Wait a moment — have I stepped into a time machine? We all know that magnetic tape is so….yesterday. Isn’t all storage these days on solid-state or hard-disk drive (HDD) memory?
The answer is yes, it is; and no, it isn’t. A recent article in The Wall Street Journal, “Companies Look to an Old Technology to Protect Against New Threats” noted that companies are once again storing data on tape, just in case. This isn’t just an anecdotal trend, either: there are some solid numbers showing increases in shipments of tape units, as well as the amount of data being stored on tape.
While tape is not as easy-access as solid-state or HDD memory, that attribute is also one of its virtues, as it functions as a robust, slower-time, recovery mechanism should the “worst” happen. Further, since the tape is not “on line,” it is much less accessible to hackers. The Wall Street Journal article notes that “the federal government, financial-services firms, health insurers and other regulated industries still keep tape as a backup to digital records. Now a range of other companies are returning to tape as hackers get smarter about penetrating defenses.”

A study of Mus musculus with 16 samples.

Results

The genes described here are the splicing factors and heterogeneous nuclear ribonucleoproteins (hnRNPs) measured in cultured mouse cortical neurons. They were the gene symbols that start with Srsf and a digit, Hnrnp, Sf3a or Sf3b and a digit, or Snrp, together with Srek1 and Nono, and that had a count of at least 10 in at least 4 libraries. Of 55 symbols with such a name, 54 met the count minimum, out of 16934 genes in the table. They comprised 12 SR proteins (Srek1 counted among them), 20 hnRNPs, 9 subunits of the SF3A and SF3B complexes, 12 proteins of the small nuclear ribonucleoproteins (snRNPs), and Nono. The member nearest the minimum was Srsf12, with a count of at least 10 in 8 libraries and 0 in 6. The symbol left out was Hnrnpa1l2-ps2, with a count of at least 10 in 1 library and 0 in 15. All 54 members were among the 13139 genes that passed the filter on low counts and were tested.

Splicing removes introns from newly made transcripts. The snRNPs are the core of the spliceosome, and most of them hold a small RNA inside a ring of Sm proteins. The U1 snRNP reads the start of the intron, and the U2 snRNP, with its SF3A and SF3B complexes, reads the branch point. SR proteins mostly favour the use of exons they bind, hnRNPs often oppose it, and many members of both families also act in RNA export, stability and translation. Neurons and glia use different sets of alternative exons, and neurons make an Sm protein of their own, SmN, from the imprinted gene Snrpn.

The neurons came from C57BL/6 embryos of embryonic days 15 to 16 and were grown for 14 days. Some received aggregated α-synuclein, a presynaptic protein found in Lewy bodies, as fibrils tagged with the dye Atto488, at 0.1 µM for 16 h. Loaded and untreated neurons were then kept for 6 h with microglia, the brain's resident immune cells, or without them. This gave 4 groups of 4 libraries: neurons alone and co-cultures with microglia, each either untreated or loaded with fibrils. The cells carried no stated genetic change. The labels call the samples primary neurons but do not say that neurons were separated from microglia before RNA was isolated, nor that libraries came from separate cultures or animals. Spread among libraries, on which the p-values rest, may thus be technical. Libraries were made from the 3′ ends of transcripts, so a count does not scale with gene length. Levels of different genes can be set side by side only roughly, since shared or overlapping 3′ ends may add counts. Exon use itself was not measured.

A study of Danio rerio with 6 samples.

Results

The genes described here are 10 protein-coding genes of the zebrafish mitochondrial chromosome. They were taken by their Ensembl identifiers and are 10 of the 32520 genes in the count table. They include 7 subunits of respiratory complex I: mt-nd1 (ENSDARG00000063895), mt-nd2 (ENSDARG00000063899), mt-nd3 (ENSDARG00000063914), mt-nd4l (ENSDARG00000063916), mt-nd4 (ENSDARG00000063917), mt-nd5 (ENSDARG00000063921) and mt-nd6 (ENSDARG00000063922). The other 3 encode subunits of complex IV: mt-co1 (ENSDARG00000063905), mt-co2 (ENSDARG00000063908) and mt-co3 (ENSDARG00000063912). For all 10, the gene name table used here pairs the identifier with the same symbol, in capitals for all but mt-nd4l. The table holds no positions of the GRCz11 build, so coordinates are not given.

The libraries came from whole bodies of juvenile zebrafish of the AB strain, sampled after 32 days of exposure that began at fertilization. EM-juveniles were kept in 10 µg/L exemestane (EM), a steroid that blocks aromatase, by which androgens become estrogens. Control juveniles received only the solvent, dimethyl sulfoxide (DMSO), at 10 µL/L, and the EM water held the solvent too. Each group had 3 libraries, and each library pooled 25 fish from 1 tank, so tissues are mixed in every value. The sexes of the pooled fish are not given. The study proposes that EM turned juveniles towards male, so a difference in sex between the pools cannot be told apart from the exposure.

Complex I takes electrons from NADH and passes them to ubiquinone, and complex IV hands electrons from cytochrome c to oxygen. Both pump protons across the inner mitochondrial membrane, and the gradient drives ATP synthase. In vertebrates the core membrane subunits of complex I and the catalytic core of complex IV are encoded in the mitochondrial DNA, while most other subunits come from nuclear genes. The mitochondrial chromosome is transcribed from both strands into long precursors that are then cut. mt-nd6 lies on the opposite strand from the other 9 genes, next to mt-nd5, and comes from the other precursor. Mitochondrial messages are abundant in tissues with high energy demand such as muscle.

If you think of tape in terms of those old-fashioned large reel-to-reel units, those are long gone, except for archival reels which may be lucky to find a playback deck. The tape industry standardized on easy-to-handle cartridges which can be retrieved and returned via robotic arms, Figure 1, often configured in large arrays of tape-drive “farms.” There are even standards which define form factor, formats, and more, assisted by the Tape Storage Council, a collaborative industry group founded in 2012 to promote the use and technology innovations occurring within the tape-storage industry.
This LTO-7 tape drive from Quantum Corp. features backup-and-restore performance at speeds up to 750 MB/sec (2.7 TB/hr) and can support 15TB of data on each cartridge (Source: Quantum Corp.)